WASHINGTON (CNN) -- Sen. Barack Obama was greeted enthusiastically on the floor of the House of Representatives on Thursday, where the Democratic presidential candidate spent about half an hour chatting with members.
He denied campaigning, claiming he was "just saying hello," but said he "let them know we'd love to have their support."
"There are some undecideds" in the House, Obama said as he was leaving. "If they have questions for me, then I'm certainly happy to respond to them."
Obama's huge victory over Sen. Hillary Clinton in North Carolina's Democratic primary Tuesday, coupled with a narrow loss in Indiana, put him within striking distance of the number of delegates he needs to cement the nomination. Watch the latest on the Democratic primary race »
A flood of endorsements from superdelegates -- a group that includes all Democratic members of Congress -- could virtually end the race. There are more than 70 undeclared Democrats in the House. Obama is 179 delegates short of clinching the nomination.
On Thursday, Obama picked up two new superdelegates -- Rep. Brad Miller, D-North Carolina, and Representative Rick Larsen, D-Washington.
According to CNN's latest estimate, Obama now has 1,848 total delegates to Clinton's 1,685.
Members of Congress surrounded Obama when he arrived through a side entrance on the Democratic side of the floor.
He gave big hug to his supporter, Rep. Patrick Murphy of Pennsylvania, and spoke with other backers -- including Reps. Adam Schiff and Zoe Lofgren of California and Kathy Castor of Florida.
He also spoke to Clinton supporters -- Reps. Kendrick Meek of Florida and Yvette Clarke of New York.
At least one Republican congressman greeted him as he walked out of the chamber, Chip Pickering of Mississippi, who appeared to be with two of his sons.
Meanwhile, several members of a group of conservative Democrats, known as "Blue Dogs," discussed with CNN their visit Thursday morning with Obama.
Rep. Baron Hill, D-Indiana, an Obama supporter, said when he walked out of the meeting, two of his colleagues told him, "Wow. We know why you endorsed him." Hill declined to name the members.
Rep. Tim Mahoney, D-Florida, who is undeclared, said Obama gave his assessment of the race and outlined which of the upcoming races he could win and which ones he thought Clinton would win.
Obama, according to Mahoney, said after all these contests he would be ahead in the popular vote and in the delegates. The Florida Democrat said "in a nice way" Obama asked people for their support.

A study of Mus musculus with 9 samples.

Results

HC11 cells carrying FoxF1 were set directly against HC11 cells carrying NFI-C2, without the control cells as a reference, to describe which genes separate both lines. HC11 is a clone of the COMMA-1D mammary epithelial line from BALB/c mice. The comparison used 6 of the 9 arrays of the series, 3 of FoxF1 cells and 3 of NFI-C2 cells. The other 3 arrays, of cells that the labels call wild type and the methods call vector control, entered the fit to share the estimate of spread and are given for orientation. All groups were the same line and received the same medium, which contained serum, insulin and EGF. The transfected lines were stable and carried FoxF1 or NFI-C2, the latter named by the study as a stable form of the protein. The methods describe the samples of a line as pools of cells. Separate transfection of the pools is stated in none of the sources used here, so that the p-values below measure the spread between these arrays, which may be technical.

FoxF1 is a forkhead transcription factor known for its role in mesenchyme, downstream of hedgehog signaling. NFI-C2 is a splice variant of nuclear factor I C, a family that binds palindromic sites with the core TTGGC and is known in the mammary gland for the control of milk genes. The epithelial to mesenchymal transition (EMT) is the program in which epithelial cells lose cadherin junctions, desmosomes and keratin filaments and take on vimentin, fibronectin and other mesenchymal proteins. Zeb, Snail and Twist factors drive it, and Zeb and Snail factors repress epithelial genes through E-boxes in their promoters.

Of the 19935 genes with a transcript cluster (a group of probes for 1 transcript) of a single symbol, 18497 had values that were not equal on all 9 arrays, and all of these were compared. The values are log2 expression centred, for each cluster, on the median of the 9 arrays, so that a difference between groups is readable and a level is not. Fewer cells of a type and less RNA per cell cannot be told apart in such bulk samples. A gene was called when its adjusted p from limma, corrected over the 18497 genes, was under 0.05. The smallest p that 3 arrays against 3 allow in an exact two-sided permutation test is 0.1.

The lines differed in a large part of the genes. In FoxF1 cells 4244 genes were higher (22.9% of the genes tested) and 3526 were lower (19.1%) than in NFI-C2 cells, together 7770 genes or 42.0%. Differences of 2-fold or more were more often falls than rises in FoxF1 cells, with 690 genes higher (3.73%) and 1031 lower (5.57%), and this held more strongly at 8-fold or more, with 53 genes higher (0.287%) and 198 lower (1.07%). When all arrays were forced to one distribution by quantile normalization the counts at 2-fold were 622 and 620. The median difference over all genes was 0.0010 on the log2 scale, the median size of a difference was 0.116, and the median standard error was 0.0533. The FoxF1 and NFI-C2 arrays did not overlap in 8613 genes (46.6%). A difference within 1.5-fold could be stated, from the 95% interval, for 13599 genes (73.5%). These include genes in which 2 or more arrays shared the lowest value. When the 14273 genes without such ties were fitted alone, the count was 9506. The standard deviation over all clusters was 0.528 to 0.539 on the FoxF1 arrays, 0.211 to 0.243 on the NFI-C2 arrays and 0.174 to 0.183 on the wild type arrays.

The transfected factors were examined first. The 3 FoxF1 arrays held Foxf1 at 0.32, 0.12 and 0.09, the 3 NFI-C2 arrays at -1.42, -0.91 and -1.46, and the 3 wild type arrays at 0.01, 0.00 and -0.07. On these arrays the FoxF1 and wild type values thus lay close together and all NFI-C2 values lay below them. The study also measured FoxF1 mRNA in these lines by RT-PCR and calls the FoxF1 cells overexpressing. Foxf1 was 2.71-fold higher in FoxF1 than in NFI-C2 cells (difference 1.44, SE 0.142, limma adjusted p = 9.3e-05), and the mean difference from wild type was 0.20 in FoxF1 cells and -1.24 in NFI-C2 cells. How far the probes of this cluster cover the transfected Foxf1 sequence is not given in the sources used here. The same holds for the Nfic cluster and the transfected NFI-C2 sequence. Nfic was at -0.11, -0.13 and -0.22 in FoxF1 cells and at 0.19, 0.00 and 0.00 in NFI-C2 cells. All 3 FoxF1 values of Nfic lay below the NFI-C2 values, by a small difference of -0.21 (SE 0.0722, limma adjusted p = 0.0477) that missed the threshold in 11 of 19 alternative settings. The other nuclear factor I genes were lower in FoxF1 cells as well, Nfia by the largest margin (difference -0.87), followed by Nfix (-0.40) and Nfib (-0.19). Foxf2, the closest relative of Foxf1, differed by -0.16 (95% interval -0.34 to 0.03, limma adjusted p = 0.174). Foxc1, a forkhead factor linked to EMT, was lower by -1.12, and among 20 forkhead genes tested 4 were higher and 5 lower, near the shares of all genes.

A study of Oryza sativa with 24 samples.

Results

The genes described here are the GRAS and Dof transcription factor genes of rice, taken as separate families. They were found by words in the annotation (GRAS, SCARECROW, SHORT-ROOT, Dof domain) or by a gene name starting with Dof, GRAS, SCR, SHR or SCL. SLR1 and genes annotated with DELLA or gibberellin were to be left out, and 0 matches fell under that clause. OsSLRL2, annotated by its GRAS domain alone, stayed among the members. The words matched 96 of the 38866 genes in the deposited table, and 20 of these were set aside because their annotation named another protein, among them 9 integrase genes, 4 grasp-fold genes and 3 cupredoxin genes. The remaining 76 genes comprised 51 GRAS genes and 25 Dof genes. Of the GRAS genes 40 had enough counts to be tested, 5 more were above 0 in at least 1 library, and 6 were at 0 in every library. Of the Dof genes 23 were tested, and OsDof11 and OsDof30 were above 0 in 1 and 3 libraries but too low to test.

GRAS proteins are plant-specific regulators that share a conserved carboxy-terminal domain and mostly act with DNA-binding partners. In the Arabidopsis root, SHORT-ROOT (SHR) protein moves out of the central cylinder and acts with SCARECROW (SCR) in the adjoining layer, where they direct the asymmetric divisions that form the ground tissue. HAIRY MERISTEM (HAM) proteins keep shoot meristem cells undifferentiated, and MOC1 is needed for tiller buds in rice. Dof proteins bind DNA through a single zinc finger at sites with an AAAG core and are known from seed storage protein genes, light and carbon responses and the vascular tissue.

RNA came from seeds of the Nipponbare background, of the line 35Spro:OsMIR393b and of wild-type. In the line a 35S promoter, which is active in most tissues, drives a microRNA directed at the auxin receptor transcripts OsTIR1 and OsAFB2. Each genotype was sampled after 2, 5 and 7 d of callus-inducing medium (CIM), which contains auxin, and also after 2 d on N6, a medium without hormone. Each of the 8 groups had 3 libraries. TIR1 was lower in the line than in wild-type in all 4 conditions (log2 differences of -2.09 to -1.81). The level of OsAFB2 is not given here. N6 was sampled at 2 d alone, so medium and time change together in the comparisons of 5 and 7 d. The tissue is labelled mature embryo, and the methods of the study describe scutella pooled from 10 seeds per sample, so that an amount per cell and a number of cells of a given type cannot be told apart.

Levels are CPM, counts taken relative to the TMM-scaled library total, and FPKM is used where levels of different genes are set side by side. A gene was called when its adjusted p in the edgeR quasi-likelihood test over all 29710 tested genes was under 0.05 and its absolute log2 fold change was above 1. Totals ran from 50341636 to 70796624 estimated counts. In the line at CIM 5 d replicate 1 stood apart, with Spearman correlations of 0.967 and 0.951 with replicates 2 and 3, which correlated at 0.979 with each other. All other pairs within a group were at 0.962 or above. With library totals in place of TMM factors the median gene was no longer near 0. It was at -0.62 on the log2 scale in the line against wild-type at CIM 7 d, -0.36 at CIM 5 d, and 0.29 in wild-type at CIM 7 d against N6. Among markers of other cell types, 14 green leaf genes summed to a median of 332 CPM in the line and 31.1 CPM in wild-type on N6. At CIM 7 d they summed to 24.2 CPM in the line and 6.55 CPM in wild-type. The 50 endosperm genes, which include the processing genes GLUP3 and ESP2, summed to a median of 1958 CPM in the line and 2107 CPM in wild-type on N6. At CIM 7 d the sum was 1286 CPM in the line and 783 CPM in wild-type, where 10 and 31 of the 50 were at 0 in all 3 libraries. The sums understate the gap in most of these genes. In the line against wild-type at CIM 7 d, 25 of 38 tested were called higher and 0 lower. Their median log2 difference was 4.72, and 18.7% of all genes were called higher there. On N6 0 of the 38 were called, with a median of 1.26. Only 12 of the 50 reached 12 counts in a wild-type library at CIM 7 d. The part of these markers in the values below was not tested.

Mahoney said he pressed Obama to work out a solution soon to seat Florida's delegates. Mahoney said Obama "assured me that the full Florida delegation will have their hats on and be happy" at the convention.
Obama made clear he is willing to campaign through the remaining six contests if Clinton does not drop out before the last one June 3.
"Sen. Clinton is a formidable candidate. She is very likely to win West Virginia and Kentucky. Those are two states where she has insurmountable leads. We're going to have spend some time there. But we're also going to Oregon, Montana, South Dakota and Puerto Rico," he said.
Clinton is thought to be in debt -- she said Wednesday she had lent her campaign $6.4 million of her own money in April, on top of $5 million earlier in the year -- and experts think it is very unlikely she could overtake Obama in the number of pledged delegates with so few contests remaining. But she has said she will fight on.
Obama said it is too soon to speculate on whether he would choose her as his vice presidential candidate.
"You know, I think it's premature for us to be thinking in that way because I don't know who the nominee is going to be. It's not yet resolved."
House Speaker Nancy Pelosi denied the long-running contest is bad for the Democratic Party.
"I like combat, you know," she said at a news conference Thursday. "I think the best training for campaigning is campaigning. So I think as they have campaigned, the support in our country has grown for our Democratic message," she said, pointing to the unusually large turnout for Democratic primaries this year. "So, this is all very healthy."
She said she did not know if Obama had been invited to the House.
Obama does not appear to have done any Senate business during his visit Thursday, although the upper chamber was voting on an amendment to the National Flood Insurance bill while he was in the building. Thursday marked his first appearance in Congress in several weeks.
CNN's Ted Barrett and Deirdre Walsh contributed to this report.